Post-snowpocalypse: Sherbourne cycle tracks cleared long before bike lanes

Snow cleared on Sherbourne

Sherbourne cycle tracks got cleared. Most of the painted bike lanes in the city? Not so much. (Credit: photos from Jared Kolb, Cycle Toronto)

For all the naysayers who figured that building cycle tracks meant lanes blocked with snow, take a good look at both photos. Just because a lane is painted doesn't mean the City is going to take it seriously. In fact, the reverse seems to be true. The City made a commitment to clear the Sherbourne cycle tracks and it has. Meanwhile it wasn't until a few days later that the City started to clear the bike lanes. And perhaps they'd still be blocked if it weren't for some tweets to 311Toronto reporting the blockage.

A side benefit of the snow bank on Sherbourne is that it's provided enough of a barrier to keep cars from parking in it, at least for the time being. I think we've learned that the cycle tracks need more substantial barriers like this to keep cars out.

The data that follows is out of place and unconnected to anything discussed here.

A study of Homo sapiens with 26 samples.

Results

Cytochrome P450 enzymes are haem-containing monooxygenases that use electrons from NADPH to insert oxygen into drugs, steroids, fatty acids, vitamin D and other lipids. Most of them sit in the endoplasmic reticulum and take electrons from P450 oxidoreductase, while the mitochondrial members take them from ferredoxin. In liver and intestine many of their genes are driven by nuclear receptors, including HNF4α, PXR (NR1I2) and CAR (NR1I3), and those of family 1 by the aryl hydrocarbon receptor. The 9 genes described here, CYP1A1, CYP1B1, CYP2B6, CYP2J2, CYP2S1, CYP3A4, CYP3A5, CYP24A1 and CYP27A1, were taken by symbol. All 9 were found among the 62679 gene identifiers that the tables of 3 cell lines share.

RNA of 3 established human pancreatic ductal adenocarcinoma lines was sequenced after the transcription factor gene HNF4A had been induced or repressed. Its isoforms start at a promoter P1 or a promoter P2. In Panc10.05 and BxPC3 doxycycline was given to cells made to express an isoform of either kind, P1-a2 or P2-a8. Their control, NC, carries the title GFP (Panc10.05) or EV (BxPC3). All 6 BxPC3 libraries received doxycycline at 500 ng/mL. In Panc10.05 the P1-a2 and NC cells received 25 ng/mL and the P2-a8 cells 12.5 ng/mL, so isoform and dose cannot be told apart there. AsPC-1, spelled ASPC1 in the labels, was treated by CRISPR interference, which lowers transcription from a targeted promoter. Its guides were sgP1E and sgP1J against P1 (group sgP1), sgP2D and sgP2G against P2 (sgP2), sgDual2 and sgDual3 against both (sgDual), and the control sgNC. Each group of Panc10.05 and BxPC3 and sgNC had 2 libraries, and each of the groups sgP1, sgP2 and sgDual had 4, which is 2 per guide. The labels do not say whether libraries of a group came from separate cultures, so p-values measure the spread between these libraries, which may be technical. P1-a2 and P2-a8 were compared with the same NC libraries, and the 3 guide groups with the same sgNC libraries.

Comments

A full week after the big snowstorm, the city still has not plowed the bicycle path along Eglinton Avenue West in Etobicoke. The pedestrian walkway has been, however, Which means bicycles will have to share the pedestrian walkway or the motor vehicle roadway.

Last Friday evening, I took College across from Spadina to well past Manning, and while the bike lane was cleared of snow, it was full of cars. I saw a parking person ticketing cars west of Manning and suggested he back up a few blocks for some easy pickings. He shrugged.

While maybe it felt good seeing the tickets being issued, the real problem is with the inability of the City to maintain with plowings, any design that has indented parking. The straight-ahead of major plows was seen on St. George, College, Spadina and Roncesvalles. The three first eg.s had as a result cars parked onto the bike lanes because they couldn't park in the snowbanks. On Roncesvalles, it likely meant extra streetcar delays along with risks to cyclists in crossing any tracks.
The City has been told about this clash between design and maintenance, a few times - but they still like to think that it's all okay. So cyclists should start fussing about either the maintenance and lack thereof, or the design, and it'd be interesting to see/hear how those motorists who get tickets have felt about them, and what the tickets were for.